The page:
The Global Fund to Fight AIDS, Tuberculosis, and Malaria, the Government of Congo, and health partners have announced two new grants worth more than US$ 64 million to strengthen prevention and treatment services to respond to HIV, tuberculosis, and malaria and to build resilient and sustainable systems for health in Congo.
The two grants are a 97% increase from the previous allocation against the three diseases and will be spent from 2021 to 2023.
“UNAIDS looks forward to continuing to work closely with all partners to accelerate the elimination of vertical transmission of HIV and paediatric AIDS in Congo and to improve access to HIV/tuberculosis programmes, sexual and reproductive health, and legal services for young women and adolescent girls and all groups at higher risk of contracting HIV,” said Winnie Byanyima, Executive Director of UNAIDS.
The HIV grant will significantly increase the number of people living with HIV who know their HIV status and will expand access to life-saving antiretroviral therapy, particularly for pregnant women. In 2019 in Congo, only 51% of people living with HIV knew their HIV status and only 25% of people living with HIV were accessing antiretroviral therapy. Only 10% of pregnant women living with HIV in Congo were offered antiretroviral medicine to prevent the virus being passed to their babies.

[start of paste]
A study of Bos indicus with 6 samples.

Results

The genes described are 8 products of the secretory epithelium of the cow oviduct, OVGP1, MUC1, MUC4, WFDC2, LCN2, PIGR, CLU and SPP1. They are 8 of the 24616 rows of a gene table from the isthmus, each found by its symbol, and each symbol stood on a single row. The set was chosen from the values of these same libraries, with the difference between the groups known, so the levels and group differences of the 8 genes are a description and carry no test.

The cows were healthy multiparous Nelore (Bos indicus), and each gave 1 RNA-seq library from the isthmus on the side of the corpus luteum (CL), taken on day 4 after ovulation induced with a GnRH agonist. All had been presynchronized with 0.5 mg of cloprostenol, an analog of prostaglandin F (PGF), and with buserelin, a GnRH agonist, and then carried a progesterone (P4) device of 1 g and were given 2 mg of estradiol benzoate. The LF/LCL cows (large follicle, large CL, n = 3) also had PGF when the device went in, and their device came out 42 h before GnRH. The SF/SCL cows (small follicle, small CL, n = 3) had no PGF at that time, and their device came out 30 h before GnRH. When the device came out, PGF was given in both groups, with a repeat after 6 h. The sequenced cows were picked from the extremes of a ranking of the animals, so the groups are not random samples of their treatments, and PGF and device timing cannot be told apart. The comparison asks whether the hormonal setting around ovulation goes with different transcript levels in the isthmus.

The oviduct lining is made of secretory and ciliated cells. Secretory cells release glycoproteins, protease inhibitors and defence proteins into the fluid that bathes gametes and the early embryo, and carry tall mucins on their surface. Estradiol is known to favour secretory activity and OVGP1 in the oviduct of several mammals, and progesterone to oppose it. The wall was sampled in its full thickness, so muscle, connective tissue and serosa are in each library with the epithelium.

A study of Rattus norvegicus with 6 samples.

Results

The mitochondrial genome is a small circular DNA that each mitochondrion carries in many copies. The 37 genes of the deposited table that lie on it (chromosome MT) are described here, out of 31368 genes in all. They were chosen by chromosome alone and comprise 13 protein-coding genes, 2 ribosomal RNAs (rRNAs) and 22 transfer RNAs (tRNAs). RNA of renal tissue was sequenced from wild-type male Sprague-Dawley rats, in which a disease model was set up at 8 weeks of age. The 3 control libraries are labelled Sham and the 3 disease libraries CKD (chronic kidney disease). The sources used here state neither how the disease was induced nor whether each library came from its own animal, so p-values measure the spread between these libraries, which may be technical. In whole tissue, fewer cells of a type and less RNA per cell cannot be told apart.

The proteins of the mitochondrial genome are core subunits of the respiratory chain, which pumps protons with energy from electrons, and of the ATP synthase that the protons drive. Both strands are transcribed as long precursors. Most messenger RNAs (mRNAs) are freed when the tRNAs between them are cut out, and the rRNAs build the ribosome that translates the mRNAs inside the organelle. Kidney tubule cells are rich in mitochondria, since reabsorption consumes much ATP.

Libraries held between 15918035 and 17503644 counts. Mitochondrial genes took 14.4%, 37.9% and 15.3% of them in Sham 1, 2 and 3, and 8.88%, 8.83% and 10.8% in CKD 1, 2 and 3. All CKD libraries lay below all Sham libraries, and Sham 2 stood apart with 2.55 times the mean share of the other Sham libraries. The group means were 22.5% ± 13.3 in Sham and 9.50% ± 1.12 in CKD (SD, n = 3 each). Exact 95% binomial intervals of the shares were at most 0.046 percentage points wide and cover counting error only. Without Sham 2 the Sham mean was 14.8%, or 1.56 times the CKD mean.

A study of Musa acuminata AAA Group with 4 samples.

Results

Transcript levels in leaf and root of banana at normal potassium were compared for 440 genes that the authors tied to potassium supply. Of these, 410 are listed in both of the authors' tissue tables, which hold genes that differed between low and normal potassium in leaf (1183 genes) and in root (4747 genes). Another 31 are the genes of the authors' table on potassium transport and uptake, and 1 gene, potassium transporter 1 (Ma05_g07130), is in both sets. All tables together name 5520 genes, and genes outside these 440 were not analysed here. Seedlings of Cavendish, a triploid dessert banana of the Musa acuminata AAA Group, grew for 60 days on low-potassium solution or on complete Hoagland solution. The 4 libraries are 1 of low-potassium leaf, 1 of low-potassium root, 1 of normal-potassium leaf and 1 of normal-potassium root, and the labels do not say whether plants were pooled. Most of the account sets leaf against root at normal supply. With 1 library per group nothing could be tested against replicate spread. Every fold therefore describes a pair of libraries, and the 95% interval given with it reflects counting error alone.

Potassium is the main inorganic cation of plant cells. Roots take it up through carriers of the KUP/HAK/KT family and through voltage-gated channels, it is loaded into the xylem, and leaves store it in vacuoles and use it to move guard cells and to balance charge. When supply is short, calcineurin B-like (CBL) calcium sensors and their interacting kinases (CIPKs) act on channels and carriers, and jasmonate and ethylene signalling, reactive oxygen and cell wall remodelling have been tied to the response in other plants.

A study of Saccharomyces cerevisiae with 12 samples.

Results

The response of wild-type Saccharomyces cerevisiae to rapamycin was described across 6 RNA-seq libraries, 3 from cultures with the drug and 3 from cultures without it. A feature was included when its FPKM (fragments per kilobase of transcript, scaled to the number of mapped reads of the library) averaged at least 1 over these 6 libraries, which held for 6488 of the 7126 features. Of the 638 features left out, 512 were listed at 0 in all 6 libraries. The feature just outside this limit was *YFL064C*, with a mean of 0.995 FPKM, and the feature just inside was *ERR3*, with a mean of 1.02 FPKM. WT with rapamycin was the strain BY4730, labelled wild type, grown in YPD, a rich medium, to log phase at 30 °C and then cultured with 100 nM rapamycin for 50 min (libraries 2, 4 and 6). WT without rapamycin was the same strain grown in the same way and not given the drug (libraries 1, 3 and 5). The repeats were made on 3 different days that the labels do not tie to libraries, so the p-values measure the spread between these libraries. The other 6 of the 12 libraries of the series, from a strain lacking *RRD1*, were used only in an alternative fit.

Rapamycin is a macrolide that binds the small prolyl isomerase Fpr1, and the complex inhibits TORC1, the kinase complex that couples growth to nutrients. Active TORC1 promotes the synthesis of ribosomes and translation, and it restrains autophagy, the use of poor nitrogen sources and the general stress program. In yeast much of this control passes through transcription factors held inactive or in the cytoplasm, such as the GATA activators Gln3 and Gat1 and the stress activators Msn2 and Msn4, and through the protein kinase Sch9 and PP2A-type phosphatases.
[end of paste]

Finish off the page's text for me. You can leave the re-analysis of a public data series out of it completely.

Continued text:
The tuberculosis component of the grant aims to boost the national tuberculosis response, increase the notification of new tuberculosis cases and reach a 90% treatment success rate by 2023, in line with the World Health Organization’s End TB Strategy. The grant will also support the country’s efforts to improve treatment success for people with multidrug-resistant tuberculosis. The malaria grant will support the country’s goal to distribute 3.5 million mosquito nets by 2023 and expand access to quality malaria diagnostics and treatment tools.
“In the context of the country’s financial crisis, exacerbated by the COVID-19 pandemic, the grants allocated to Congo are a breath of fresh air. They provide renewed impetus to the government’s action in favour of populations affected by HIV, tuberculosis, and malaria,” said the Prime Minister of Congo, Clément Mouamba.
The United Nations Development Programme will implement the HIV and tuberculosis grant, while Catholic Relief Services will implement the malaria grant.